Turkish Cypriot parties, unions, NGOs and media have openly slammed the financial aid protocol signed by the north’s regime and Turkey, which will restrict democratic rights and freedoms by law and strengthen the role of Islam.
Apart from restricting political freedoms, the Economic and Financial Protocol, signed in April but made public this month, will also impose economic reforms such as privatisation of power production and the ports, increase taxes, scrap collective agreements, raise the retirement age and give the Turkish embassy a say over civil service appointments, among other things.
The protocol also provides for a loan of about €240 million to the community. Turkey’s financial support to the north, which is economically unsustainable, always came with strings attached but now these strings will be formalised by law. Privatisations will lead to investment by Turkish business and union powers are being limited by law in order to attract the investors. Lifting restrictions on investments and buying property in the north by Turkish nationals – also included in the protocol – is part of the same policy.
Giving easy access to Turkish nationals to the north is part of the Ankara government’s drive to make it an integral part of Turkey. Authoritarian measures such as placing restrictions on freedom of expression and the right to assembly will make the north more like Turkey. Worse still, the protocol also envisages de-secularising the Turkish Cypriot community, stipulating the strengthening of the religious affairs department, the building of religious complexes and places of worship and restoring Turkish-Islamic heritage sites.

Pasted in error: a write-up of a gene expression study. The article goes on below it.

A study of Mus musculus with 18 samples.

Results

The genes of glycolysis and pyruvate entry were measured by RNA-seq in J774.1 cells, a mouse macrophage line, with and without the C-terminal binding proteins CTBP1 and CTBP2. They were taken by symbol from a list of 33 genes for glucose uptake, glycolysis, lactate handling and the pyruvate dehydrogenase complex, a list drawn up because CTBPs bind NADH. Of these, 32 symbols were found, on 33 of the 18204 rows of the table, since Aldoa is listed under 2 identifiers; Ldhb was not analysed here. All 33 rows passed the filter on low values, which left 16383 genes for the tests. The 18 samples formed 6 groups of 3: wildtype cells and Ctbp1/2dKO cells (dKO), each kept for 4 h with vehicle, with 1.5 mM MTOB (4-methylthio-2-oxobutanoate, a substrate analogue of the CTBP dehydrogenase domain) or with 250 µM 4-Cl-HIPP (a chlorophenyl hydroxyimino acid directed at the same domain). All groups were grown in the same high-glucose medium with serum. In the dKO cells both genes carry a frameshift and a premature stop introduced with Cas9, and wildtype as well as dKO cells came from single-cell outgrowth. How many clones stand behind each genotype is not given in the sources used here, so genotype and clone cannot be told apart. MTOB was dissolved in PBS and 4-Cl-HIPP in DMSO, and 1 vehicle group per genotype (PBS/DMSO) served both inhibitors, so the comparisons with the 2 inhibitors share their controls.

In short, the north will lose its identity and become just another province of Turkey in all but name. The protocol makes no secret of this intention, stating in its introduction that “the island of Cyprus has been a part of Anatolia politically and culturally since 1571.” The Turkish Cypriots have been complaining for some time that they are at risk of becoming a minority and the protocol seeks to make this development irreversible.
Sadly, there does not seem to be much the Turkish Cypriots can do. The north depends on Turkey’s financial support, without which it would not be able to pay pensions and the wages of public employees. As things are, the north does not generate the level of revenue that would make it self-sufficient, keeping it totally dependent on Turkey, which, as the paymaster, is calling all the shots. If civil society and opposition parties try to block the changes envisaged by the protocol Turkey could simply stop the cash assistance. What would the Turkish Cypriots do then?
They are in a no-win situation, which is bad for all of Cyprus, as the protocol appears to be setting in motion the process for the annexation of the north.